Author Topic: Traditional IRA phase out - how do most people realistically deal with this?  (Read 567 times)

FrugalFisherman10


How are you supposed to know how much you can contribute to a traditional IRA in the year and still be able to deduct it, when the year hasn't happened yet? I know there are calculators out there, but that's just an estimate...say you get to the end of the year and your income/expenses were different than expected, and now you've got to settle up.I don't even have that variable of income, and I think this sounds like a tough/annoying situation.

Say I estimate in early 2019 that I will be able to deduct $4500 of the allowable $6000 contribution in 2019. So I set up my Vanguard monthly reoccuring contributions to equal $4,500.
- If I end the year and start doing my taxes and find out I could have contributed more, no problem, I can just do it before April 15th, assuming I didn't set up the remainder of $1500 to have contributed to my Roth IRA already.
- But what if I determine I've already contributed too much, and my deductible contribution was phased out more than I anticipated, due to a higher bonus or more deductible expenses or something?

Would most people just leave it in there as a non-deductible contribution to a Traditional IRA?

What are the factors I should consider in doing so each year?

Would it be easier to just wait till it's all said and done each year before contributing at all (and miss out on potential stock market gains in the meantime)?

or just to contribute the IRA max each year and keep track of what amounts were deductible (that I will have to later pay taxes on)?


dandarc


Recharacterize - careful with the language when you call your broker.

secondcor521


1.  Recharacterize between your traditional and Roth as appropriate.  So you could contribute the whole $6K to Roth then recharacterize the appropriate fraction to traditional, or vice versa.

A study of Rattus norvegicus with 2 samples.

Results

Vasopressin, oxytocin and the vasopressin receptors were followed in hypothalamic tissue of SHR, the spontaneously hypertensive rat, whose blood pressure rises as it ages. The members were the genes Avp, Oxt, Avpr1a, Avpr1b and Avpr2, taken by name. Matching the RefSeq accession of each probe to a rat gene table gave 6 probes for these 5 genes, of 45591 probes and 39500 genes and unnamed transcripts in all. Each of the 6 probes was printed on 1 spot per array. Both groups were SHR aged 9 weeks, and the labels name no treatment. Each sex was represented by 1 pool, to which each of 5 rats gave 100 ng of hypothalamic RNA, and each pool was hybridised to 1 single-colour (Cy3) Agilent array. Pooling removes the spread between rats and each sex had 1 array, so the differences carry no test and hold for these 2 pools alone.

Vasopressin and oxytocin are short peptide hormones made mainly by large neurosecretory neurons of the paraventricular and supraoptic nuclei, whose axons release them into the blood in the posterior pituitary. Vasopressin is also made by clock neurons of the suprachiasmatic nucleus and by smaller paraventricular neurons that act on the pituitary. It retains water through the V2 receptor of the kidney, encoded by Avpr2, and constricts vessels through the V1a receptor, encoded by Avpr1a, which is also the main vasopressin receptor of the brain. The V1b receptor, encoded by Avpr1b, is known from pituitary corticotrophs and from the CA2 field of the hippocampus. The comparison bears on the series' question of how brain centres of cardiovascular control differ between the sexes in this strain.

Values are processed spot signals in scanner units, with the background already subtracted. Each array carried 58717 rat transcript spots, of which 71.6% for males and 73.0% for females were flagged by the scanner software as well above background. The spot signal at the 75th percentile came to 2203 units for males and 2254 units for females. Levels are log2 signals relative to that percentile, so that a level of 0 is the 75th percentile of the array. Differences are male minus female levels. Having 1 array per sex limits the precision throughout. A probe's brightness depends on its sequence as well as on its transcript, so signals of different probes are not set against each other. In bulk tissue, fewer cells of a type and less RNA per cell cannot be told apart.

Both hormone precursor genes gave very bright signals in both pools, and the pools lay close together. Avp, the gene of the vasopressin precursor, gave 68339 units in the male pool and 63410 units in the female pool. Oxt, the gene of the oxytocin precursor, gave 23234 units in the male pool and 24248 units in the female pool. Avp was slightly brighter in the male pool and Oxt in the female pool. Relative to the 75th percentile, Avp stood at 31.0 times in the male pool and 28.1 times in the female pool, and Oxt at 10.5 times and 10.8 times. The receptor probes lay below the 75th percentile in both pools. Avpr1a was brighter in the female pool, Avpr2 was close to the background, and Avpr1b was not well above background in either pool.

2.  Withdraw excess contributions (plus earnings) as needed.  This is less beneficial than recharacterization, but if you decide you didn't want to contribute as much as you did, then you can withdraw the excess plus earnings before 4/15 and it works out OK.  (you'll have to pay income taxes on the earnings plus a 10% penalty on the earnings only if you are under 59.5).

I'd do either of the above before doing a non-deductible IRA; n-d IRA's are pretty much worthless in my opinion.

Of course, you could wait to do your contributions until you know your income tax situation.  That's simpler but you miss out on earnings.

seattlecyclone


FrugalFisherman10


Laserjet3051


And miss out on as much as 18 months of growth? No way. Make the full contribution in January of the tax year. Recharacterize a portion of in the phaseout range when the time comes. Recharacterization is easy if your custodian calculates the earnings (most major brokerages do). Fill in the form, upload it to the custodian. Bingo, done.

seattlecyclone


And miss out on as much as 18 months of growth? No way. Make the full contribution in January of the tax year. Recharacterize a portion of in the phaseout range when the time comes. Recharacterization is easy if your custodian calculates the earnings (most major brokerages do). Fill in the form, upload it to the custodian. Bingo, done.

I never suggested I'd leave the money uninvested in a savings account all that time. No way! I'd make a contribution to my taxable account early this year and a contribution to my IRA early next year rather than vice versa. A few thousand dollars invested a few extra months in a taxable account rather than an IRA is slightly suboptimal, but what's the real cost of this? Maybe you get taxed on a few dollars of dividends now rather than in retirement? No big deal. I'd rather pay that than sit on hold with Vanguard to get the recharacterization done. Others who dislike phone calls less than me might have a different opinion, and that's okay!